Acts 1:4

Wednesday, 29 September 2021

And being assembled together with them, He commanded them not to depart from Jerusalem, but to wait for the Promise of the Father, “which,” He said, “you have heard from Me; Acts 1:4


For example, Paul speaks of the kingdom of God (as noted in the previous verse) in Acts. And yet, this was during a time when Rome ruled, where kings and kingdoms were in place and where Christians were subject to those earthly rulers, such as Herod in the land of Israel. The fact that there are various meanings to the word “kingdom” will become important in just a few verses. For now, Christ Jesus has spoken of the kingdom of God. That is now immediately followed by the words of verse 1:4, beginning with, “And being assembled together with them.”

Some translations say, “And eating together.” This is based on a variant spelling of the word. In one spelling, it signifies to “crowd,” or “throng.” In the other, it signifies “salt” (hence, eating salt, or dining together). Either translation is possible, because Luke’s words follow after those of his gospel. In Luke 24:43, it says that Jesus “ate in their presence.” In that same encounter, it then says –

“Behold, I send the Promise of My Father upon you; but tarry in the city of Jerusalem until you are endued with power from on high.” Luke 24:49

Only after that does He lead them out to Bethany. As the accounts state the same events, but without specificity, either word (assembled or ate) is possible. With that analyzed, it next says, “He commanded them not to depart from Jerusalem.” This is perfectly in accord with the words of Luke 24:49. They were in Jerusalem, He appeared to them and spoke to them, and so on.

However, it is true that Matthew and John record Jesus as meeting with the disciples in Galilee. Therefore, various events occurred somewhere in between the events Luke records. Luke’s gospel, and these beginning verses of Acts, are directed to particular events leading from the resurrection to the ascension. This is their focus, and no contradiction between his words and those of the other gospels can be inferred.

The words to not depart from Jerusalem, then, are referring to the time after His ascension, not after the resurrection (as might be inferred from the end of the gospel narrative). As such, what is being stated now by Jesus is at the end of the forty-day period. In this, Luke continues by saying, “but to wait for the Promise of the Father.”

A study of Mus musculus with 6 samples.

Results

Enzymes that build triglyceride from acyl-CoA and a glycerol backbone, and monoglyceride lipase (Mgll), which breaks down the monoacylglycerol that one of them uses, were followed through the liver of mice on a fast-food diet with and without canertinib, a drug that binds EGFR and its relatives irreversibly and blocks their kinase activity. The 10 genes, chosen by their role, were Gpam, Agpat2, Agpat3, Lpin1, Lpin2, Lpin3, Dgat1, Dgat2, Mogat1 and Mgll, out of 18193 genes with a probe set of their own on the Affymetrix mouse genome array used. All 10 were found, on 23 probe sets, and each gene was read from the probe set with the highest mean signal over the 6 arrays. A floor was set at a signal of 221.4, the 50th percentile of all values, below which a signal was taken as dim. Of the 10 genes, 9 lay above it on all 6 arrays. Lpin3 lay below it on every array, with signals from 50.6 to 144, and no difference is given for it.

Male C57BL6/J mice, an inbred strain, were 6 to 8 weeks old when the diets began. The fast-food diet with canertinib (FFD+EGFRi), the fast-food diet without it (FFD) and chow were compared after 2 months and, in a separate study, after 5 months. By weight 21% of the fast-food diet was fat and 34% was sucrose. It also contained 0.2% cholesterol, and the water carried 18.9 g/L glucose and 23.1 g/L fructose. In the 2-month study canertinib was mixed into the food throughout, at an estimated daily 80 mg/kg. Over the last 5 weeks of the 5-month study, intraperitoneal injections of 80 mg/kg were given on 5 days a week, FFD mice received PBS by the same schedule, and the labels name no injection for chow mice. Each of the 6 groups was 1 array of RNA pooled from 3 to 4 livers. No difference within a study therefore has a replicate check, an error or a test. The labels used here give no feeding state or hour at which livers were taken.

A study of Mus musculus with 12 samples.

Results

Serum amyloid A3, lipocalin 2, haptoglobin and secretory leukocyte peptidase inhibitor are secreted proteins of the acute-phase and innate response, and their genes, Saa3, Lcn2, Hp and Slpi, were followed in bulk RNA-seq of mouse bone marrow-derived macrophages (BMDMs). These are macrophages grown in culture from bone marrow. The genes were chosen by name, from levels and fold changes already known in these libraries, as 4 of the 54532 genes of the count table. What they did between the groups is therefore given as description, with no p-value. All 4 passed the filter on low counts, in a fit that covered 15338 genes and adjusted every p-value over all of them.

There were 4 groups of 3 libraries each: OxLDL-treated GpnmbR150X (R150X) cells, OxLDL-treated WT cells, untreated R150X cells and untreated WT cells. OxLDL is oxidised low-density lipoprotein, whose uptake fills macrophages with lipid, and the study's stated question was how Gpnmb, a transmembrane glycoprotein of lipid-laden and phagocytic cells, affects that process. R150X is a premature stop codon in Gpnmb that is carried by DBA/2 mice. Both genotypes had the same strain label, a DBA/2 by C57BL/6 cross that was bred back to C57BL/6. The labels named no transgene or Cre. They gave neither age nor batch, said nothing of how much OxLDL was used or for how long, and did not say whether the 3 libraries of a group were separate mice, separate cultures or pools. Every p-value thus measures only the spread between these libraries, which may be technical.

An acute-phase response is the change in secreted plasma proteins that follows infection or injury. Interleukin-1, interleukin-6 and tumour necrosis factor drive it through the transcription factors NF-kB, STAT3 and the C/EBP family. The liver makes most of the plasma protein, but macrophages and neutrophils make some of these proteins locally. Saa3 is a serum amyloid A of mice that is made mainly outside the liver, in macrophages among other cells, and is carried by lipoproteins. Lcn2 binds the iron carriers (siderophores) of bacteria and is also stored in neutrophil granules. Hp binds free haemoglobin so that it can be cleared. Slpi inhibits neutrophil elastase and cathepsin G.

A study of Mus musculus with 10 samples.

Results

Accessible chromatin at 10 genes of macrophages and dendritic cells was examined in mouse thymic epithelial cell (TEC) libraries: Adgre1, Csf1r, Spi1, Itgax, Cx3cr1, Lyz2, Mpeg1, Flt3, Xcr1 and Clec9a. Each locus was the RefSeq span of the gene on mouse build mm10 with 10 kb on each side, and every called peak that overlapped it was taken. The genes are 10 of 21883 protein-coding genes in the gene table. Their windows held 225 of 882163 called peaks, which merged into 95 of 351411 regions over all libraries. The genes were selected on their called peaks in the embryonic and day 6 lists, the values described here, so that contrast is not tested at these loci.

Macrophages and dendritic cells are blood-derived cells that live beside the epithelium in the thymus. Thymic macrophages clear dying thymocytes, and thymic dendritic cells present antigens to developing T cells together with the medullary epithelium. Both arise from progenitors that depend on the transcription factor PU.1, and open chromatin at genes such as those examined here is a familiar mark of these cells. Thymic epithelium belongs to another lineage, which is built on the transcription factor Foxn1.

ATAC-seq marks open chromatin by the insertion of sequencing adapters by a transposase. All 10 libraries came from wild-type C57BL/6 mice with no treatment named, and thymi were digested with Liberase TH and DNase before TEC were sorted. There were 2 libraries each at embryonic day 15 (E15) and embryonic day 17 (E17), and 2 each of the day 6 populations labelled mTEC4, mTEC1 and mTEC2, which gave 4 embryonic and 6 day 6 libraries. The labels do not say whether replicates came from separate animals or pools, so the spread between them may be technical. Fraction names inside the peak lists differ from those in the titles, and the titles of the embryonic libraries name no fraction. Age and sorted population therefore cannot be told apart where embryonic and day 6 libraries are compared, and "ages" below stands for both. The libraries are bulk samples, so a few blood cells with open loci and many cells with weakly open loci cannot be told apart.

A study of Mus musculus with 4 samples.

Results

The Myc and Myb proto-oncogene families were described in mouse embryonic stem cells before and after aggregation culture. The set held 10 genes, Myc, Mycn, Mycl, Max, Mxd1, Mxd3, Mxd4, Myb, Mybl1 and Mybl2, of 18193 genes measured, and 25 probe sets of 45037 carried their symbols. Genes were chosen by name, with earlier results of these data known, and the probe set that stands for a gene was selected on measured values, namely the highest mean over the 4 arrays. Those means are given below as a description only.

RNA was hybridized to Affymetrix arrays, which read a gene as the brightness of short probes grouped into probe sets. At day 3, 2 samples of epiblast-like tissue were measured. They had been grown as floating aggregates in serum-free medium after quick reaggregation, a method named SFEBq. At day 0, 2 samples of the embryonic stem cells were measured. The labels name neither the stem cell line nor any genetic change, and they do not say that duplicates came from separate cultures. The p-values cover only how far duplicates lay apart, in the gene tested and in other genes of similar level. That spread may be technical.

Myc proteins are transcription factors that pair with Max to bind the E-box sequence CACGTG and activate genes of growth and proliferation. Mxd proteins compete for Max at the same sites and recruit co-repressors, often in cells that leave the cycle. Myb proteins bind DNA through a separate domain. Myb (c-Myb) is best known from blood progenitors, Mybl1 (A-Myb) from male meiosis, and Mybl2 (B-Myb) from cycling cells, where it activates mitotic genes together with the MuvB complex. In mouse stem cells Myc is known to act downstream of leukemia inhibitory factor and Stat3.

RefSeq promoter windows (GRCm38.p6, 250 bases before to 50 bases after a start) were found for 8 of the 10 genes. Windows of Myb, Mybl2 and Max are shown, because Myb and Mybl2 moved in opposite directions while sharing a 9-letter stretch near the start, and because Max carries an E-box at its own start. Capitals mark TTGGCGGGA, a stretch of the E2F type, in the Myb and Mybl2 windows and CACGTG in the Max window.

The word translated as “wait” is found only here in the Bible. It signifies to “remain all around.” It is a way of saying that they are to stay despite any obstacles that may be involved. In other words, there may be business back at home that needs to be attended to. Whatever would normally keep them from remaining was to be secondary to staying and waiting for what was promised to come.

Also, the word translated as “Promise” is defined by Vincent’s Word Studies as “Signifying a free promise, given without solicitation. This is the invariable sense of the word throughout the New Testament, and this and its kindred and compound words are the only words for promise in the New Testament.” Further, Walter Kaiser says of this word, “Almost every NT use of the word promise (epaggelia) points back to the OT.” It is a legal term that speaks of a promise which is officially sanctioned. This is the Promise, “‘which,’ He said, ‘you have heard from Me.’”

This is referring to the coming of the Holy Spirit as is repeatedly spoken of in John 14, 15, and 16. However, this may also be the words of the Promise recorded in Luke 24:49 (cited above) which occurred just after the resurrection. He may be restating that now, just prior to the ascension. Hence, the timeline should not be called into question when placed along with the events recorded in the other gospels.

Life application: Though there are difficulties in forming an exact timeline of the events recorded in the gospels and now in Acts, none of the accounts contradicts any other. Rather, inferences have to be made. But this is the same with any such record when various eyewitnesses are brought together.

Each gives his own perspective, and a chronology is then developed based on that. In the case of Luke’s words, it is possible, and even likely, that Jesus said the Promise was coming soon after His resurrection, and then He said it again, just prior to His ascension – reminding the disciples that they were to remain in Jerusalem.

The matter ahead was of such importance that they were not to be pulled away for any lesser reason. And Jesus has promised to return again for His church. We are not to be pulled away from our hope for any reason. Let us remain vigilant and not get our attention sidetracked by the things of this world. But let us hold fast to this great hope that we possess.

This thought is repeated again and again by Paul, by the author of Hebrews (probably Paul), and by Jesus. HOLD FAST! Good things are in store for those who do so.

Lord God, Your word asks us to hold fast to the name of Christ, to the things that we have been given in Christ, to our hope in Him, to the doctrine that has been laid before us in Your word, to our confession of faith, and so on. Help us to be responsible with the wonderful treasure we have been blessed with – the hope of glory. May we hold fast to it always. Amen.